The Differences Between Capicola And Prosciutto

When it comes to charcuterie, a selection of cured meats and cheeses along with some chutney and nuts can make a simple but perfect board. But no charcuterie would be complete without meats like capicola and prosciutto. These Italian cold cuts are known as salumi. The practice of curing meat dates back to Paleolithic times, when meats were sun-dried to preserve them. Salumi's first originated in 500 B.C. when the Romans and Etruscans began curing ham, which they ate at banquets or as street food with bread.

According to Italian Made, salumi is part of Italy's cultural heritage. Not even industrial production changed the traditions associated with making these cured cold cuts. Italian cured meats come in two categories: whole or minced and stuffed into casings. Both prosciutto and capicola are whole cut meats, according to 10 Best

When going through your meat choices, sometimes capicola and prosciutto feel like they could be interchanged. While both are salumi, they are from two different parts of the pig and are cured in distinct ways, giving them unique flavor profiles and mouthfeel.

What is capicola?

According to Supermarket Italy, capicola takes its official name from the two parts of the pig that the cut spans: the head (capo) and shoulder (collo). Dry Age Pro claims capicola has graced the Italian table since the Middle Ages. The meat is recognized and protected by the European Union as a heritage food, says Delighted Cooking. Just as only true champagne comes from France's Champagne province, capicola can only be sold under the name if it originates from specific regions in Italy. 

Capicola also goes by the unofficial name "gabagool" in the U.S., where Italian-American dialects changed the sound of the word, says Hardcore Italians. Since 80% of Italians in America hail from Southern Italy, the regional dialect for capicola (i.e. gabagool) became standardized in the United States. The term was popularized given its frequent use in the hit HBO series "The Sopranos." 

Regardless of how it's pronounced, Daring Gormet explains the pork is covered herbs and spices and left to cure for several weeks. The salt is washed off and it's seasoned again, this time with paprika, red and black pepper, fennel, coriander, and other spices before being stuffed in a pork casing. After that, it's hung and dry-cured for six months.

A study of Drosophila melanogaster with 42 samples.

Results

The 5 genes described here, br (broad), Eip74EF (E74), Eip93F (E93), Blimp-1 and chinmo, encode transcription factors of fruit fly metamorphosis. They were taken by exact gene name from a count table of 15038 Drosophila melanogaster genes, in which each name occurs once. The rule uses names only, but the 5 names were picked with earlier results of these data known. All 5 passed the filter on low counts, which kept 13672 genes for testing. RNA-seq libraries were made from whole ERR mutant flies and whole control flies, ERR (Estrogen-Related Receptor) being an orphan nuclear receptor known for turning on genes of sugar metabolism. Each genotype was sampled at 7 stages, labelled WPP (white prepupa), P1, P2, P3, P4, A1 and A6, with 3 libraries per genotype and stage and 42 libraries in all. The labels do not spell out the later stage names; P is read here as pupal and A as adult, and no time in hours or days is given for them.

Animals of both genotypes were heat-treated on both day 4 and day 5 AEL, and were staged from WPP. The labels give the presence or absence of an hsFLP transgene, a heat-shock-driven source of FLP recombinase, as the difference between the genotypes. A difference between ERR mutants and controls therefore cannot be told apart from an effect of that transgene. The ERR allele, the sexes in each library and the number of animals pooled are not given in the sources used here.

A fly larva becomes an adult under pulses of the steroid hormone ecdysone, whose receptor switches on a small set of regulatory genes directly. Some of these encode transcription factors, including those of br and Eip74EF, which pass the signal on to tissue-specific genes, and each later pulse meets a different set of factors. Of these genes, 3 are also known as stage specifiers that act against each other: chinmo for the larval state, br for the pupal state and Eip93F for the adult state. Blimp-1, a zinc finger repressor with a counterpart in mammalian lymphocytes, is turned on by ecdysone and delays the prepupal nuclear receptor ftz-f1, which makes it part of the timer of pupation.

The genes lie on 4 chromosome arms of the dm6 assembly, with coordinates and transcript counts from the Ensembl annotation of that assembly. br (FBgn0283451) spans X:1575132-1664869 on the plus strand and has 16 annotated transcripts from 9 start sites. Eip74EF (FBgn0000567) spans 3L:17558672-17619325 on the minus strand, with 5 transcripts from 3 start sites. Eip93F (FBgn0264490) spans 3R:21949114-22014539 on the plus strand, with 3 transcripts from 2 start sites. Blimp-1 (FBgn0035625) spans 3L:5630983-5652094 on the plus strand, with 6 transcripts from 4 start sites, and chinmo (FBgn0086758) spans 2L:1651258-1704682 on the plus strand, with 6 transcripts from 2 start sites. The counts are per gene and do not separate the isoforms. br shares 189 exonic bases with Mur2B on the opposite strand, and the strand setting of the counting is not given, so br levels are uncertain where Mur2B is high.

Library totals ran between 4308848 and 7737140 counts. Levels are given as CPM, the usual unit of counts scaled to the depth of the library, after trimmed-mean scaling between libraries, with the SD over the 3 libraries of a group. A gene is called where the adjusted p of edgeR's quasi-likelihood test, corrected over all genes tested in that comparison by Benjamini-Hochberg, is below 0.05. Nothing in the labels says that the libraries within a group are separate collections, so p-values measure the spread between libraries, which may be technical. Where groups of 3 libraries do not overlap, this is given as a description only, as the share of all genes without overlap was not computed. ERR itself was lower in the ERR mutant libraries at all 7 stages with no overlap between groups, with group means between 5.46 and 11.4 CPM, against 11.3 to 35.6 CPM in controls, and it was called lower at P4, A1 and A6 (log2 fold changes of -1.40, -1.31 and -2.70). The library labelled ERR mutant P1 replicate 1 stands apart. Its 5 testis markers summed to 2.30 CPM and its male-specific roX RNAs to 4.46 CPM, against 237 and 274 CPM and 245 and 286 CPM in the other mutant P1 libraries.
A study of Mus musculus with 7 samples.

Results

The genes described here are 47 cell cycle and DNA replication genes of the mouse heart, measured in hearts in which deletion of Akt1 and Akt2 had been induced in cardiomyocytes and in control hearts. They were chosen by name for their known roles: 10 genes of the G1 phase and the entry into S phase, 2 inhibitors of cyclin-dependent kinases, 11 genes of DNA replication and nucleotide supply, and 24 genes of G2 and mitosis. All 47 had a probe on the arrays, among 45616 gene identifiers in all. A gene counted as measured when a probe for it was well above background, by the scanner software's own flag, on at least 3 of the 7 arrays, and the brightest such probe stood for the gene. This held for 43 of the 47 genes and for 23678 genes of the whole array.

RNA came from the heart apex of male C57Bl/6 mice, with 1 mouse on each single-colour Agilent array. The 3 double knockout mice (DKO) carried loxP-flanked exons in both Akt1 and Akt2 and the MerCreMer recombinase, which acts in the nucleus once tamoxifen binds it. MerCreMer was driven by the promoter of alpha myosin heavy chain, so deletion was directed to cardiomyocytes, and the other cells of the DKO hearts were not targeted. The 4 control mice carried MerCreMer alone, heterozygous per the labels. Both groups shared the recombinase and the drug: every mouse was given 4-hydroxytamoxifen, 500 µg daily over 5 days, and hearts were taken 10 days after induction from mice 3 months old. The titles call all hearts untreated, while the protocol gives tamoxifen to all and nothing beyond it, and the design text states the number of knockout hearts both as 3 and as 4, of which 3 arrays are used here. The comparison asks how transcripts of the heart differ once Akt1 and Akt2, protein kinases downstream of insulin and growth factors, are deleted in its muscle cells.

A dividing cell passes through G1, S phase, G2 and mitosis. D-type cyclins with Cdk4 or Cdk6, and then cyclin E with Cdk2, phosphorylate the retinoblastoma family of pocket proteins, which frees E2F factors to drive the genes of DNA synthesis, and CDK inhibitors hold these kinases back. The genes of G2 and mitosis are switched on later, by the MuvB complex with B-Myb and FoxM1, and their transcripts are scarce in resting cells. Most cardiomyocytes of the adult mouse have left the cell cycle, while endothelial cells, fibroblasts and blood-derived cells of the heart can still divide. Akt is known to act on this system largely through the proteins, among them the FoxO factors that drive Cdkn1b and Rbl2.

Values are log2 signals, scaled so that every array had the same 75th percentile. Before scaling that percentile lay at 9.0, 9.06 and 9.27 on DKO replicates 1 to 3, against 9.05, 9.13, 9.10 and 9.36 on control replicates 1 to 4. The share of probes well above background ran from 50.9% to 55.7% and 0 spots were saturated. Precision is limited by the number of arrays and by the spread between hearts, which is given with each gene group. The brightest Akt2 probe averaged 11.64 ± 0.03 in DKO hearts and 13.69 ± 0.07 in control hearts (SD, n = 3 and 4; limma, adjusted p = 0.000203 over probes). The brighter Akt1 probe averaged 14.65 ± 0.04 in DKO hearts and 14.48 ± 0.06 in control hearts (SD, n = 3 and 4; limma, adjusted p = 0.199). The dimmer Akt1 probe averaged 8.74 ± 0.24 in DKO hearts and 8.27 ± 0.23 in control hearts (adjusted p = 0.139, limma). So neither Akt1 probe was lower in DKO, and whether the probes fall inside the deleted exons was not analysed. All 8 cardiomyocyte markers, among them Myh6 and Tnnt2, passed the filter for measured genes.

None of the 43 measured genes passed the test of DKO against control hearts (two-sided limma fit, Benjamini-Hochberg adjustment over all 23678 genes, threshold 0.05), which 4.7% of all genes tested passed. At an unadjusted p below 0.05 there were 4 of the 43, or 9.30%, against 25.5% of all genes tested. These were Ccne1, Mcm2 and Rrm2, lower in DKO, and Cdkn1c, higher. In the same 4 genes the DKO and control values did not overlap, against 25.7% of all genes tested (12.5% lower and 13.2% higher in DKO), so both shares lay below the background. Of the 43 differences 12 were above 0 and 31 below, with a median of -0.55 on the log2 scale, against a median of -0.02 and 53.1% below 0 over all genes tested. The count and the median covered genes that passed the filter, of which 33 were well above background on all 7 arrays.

What is prosciutto?

Prosciutto comes from the leg of the pig. According to Parma Crown, the ham can be cooked before curing (prosciutto cotto) or left uncooked (prosciutto crudo). Strict rules govern the making of the cured ham, and those rules are region-specific, like Di Parma, di San Daniele, etc. Each region's prosciutto has a distinct flavor due to the differences in pigs and the unique curing spices used in each area. For example, Prosciutto Di Parma and di San Daniele are cured simply with salt, while Prosciutto Toscano DOP uses spices like black pepper, rosemary, and juniper.

We have the early Romans to thank for prosciutto crudo (the uncooked kind, popular in the U.S.) when they discovered dry-aging would preserve the meat through the winter (via Farming Aquaponics). The leg is salted, which pulls the blood and moisture out of the meat to keep it safe from bacterial growth, and left for 90 days in a cold, humid area. Translated from Latin, prosciutto means to "suck out moisture" (via Cucina Toscana). Once cured, the salt is washed off and the leg is hung where air can circulate around it for at least a year. 

The differences between capicola and prosciutto

The most apparent difference between the two meats is the cut, with capicola being a delicate meat between the neck and shoulder, per Olympia Provisions, while prosciutto is from the leg, says EatalyFoodsGuy explains that this makes capicola a smaller cut than prosciutto, and thus its curing time is shorter. But because capicola has a lower fat content, it's missing that melt-in-your-mouth quality prosciutto lovers rave about. But, less fat means capicola is more tender. 

While both are sliced thin, Farming Aquaponics points out capicola's smaller cut means it can be eaten in one bite. Prosciutto needs several to finish. The Rusty Spoon also details the differences in seasoning, with most types of prosciutto being simply salted, while a plethora of spices, salt, and paprika add to the flavor profile of capicola. There's also a difference in price; prosciutto's more expensive due to its lengthy curing process.

Enjoying capicola and prosciutto

Capicola is a versatile meat at home, on a charcuterie board, or in a classic Italian sub. How Stuff Works says capicola's saltiness pairs well with cheese, figs, olives, melon, and crackers, and that it is a key ingredient in some versions of New Orleans' famed muffuletta sandwich. Portlandians enjoy capicola-topped pizza. The Di Bruno Brothers plan your entire day's meals with capicola suggesting: "Scrambled eggs, ham capi, and American cheese sandwich for breakfast" for lunch, a "ham capi sandwich with provolone and mayo," and for dinner, "wrap[ing] it around asparagus or smaller cuts of meat before grilling."

Enjoying prosciutto is not all that different from its capicola cousin. Eataly recommends wrapping it around melon to take advantage of the interplay between sweet and salty. It can be added to a sandwich stuffed with cheeses and veggies or enjoyed simply on a piece of crusty bread drizzled with olive oil. You can even make an Italian version of a southern staple, the cheese straw. It's recommended that you eat it sliced straight off the leg since pre-packaging dries it out, and could become tough.